Replies: 7   Last Post: Jan 10, 2013 4:10 PM


Posts: 148
Registered: 10/15/07
Re: how to implement the "many tiny functions" paradigm?
Posted: Jan 9, 2013 5:40 PM
>
>
> One of the most often cited coding "best practices" is to avoid
> structuring the code as one "large" function (or a few large
> functions), and instead to break it up into many tiny functions.
> One rationale for this strategy is that tiny functions are much
> easier to test and debug.
>
> The question is how to implement this "many tiny functions" strategy
> in MATLAB.
>
> To be more specific, suppose that I start with some "large" function
> foo, implemented in a ~100-line file foo.m, and I break it down
> into about ~20 tiny functions, including a new (and much smaller)
> entry-point function foo that calls the remaining tiny functions,
> either directly or indirectly.
>
> The problem is that, if the new foo.m file now looks like this:
>
>
> function f = foo(a, b, c)
> ...
>
> % End of function foo
>
> function b = bar(d, e)
> ...
>
> % End of function bar
>
> ...
>
> function z = zzz(x, y)
> ...
>
> % End of function zzz
>
> ...then the "helper" functions bar, ..., zzz are not accessible from
> outside foo.m, so there's no easy way to test or debug them
> *directly*. (One can do so only indirectly through calls to the
> entry-point function foo, and this can be quite cumbersome and
> error-prone.)
>
> (Note that it would be entirely consistent with the philosophy
> described above to have, among the "tiny functions" in foo.m, some
> --say, test_bar, ..., test_zzz, etc.--, whose sole purpose was to
> test some other "tiny function". Even in this case, however, one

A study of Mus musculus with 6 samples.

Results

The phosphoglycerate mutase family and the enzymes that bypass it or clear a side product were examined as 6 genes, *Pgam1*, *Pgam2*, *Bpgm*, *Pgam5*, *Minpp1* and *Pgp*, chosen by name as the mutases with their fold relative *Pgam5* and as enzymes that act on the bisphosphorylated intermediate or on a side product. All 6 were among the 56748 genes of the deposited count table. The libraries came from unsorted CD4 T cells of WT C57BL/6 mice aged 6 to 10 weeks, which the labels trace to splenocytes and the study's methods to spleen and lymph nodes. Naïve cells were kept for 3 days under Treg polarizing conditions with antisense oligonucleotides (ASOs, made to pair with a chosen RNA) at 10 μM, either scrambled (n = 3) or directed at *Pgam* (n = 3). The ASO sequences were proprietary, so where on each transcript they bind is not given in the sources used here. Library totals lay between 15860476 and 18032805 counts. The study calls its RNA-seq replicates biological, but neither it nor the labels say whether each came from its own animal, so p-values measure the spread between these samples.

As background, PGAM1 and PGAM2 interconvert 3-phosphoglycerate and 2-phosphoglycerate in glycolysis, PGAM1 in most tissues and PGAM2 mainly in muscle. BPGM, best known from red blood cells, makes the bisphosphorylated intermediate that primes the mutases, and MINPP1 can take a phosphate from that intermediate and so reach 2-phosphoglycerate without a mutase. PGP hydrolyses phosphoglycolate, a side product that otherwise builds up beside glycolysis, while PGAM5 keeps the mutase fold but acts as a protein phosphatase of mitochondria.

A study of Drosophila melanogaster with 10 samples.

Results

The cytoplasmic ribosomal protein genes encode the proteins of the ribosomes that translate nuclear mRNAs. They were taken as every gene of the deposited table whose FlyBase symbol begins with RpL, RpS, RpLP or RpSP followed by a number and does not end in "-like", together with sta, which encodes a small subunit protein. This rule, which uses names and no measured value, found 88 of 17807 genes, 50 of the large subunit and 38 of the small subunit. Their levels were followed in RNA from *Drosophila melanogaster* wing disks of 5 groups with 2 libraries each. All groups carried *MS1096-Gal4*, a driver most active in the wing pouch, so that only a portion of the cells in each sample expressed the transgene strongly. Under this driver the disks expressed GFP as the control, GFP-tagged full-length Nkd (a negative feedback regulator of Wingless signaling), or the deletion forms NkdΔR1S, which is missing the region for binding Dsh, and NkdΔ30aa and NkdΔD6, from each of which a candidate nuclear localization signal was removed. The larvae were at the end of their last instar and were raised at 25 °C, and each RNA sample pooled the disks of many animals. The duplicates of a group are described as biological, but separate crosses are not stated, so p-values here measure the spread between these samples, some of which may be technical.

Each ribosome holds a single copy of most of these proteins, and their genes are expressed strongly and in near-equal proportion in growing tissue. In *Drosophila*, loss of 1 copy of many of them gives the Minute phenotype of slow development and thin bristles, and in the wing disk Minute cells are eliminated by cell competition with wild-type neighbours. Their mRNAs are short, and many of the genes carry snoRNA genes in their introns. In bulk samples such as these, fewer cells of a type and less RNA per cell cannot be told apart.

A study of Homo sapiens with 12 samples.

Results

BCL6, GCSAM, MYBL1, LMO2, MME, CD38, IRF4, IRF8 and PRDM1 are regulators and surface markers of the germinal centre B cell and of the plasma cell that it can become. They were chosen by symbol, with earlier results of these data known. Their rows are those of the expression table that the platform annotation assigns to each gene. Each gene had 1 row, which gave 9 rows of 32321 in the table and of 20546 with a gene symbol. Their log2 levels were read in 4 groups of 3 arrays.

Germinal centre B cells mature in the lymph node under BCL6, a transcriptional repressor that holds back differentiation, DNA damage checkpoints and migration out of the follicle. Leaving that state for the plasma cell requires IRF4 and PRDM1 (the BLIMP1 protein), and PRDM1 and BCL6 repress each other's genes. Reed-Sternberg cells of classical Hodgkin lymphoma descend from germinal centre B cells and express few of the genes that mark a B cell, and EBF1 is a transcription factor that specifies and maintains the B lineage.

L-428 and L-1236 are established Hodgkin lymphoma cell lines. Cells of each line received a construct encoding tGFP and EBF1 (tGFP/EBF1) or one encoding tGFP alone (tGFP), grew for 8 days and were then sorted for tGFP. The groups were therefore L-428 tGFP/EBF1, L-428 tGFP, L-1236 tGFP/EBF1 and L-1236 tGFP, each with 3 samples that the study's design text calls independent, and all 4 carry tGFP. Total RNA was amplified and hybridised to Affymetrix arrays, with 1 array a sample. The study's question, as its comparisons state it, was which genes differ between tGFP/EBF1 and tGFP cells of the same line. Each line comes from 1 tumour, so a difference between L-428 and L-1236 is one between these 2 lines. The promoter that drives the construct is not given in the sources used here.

> would need a way to call these testing functions from outside of
> foo.m.)
>
> So file structure shown above may not be very useful for testing
> and debugging. On the other hand, it would be too much clutter
> (both of directories and of the global namespace) to put all these
> tiny functions each in its own *.m file (bar.m, ..., zzz.m,
> test_bar.m, ..., test_zzz.m).
>
> So my question is: is there a convenient way to structure this code
> that would *both* preserve the overall decomposition into many tiny
> functions *and* enable these functions to be tested?
>
> Suggestions would be appreciated.
>
> Thanks in advance!
>
> PS. I am aware of the existence of MATLAB xUnit Test Framework,
> etc., but my aims here is more general and fundamental, and in any
> case decidedly different, from those of unit testing, and therefore
> if possible I'd much prefer to avoid bringing into the picture the
> whole unit testing apparatus and mind-set. I'm sure that the
> question of the suitability of a unit-testing framework for what
> I want to do could provide fodder for lengthy discussions, but this
> is a somewhat philosophical point that I'd prefer to avoid altogether.
> I hope that responders will be willing to take it on faith my
> assertion that MATLAB xUnit Test Framework et al. are not what I'm
> after at the moment.


Two things come into my mind.

First, if you want to adopt the good practice of writing small functions, do it at the initial stage when you create the code. Put your immediate thoughts into lines of the code. That way, you create small functions, one by one, which accomplish the task at hand. If the code already exists, you may break it into a few functions if it comes in handy, but there is no point in setting a goal of slicing a 100-line code into 20 tiny ones. No need to do it on purpose.

Second, why are the newly created functions not accessible from outside the original foo.m? What prevents you from saving them in separate files? You are going to debug each one of them anyway?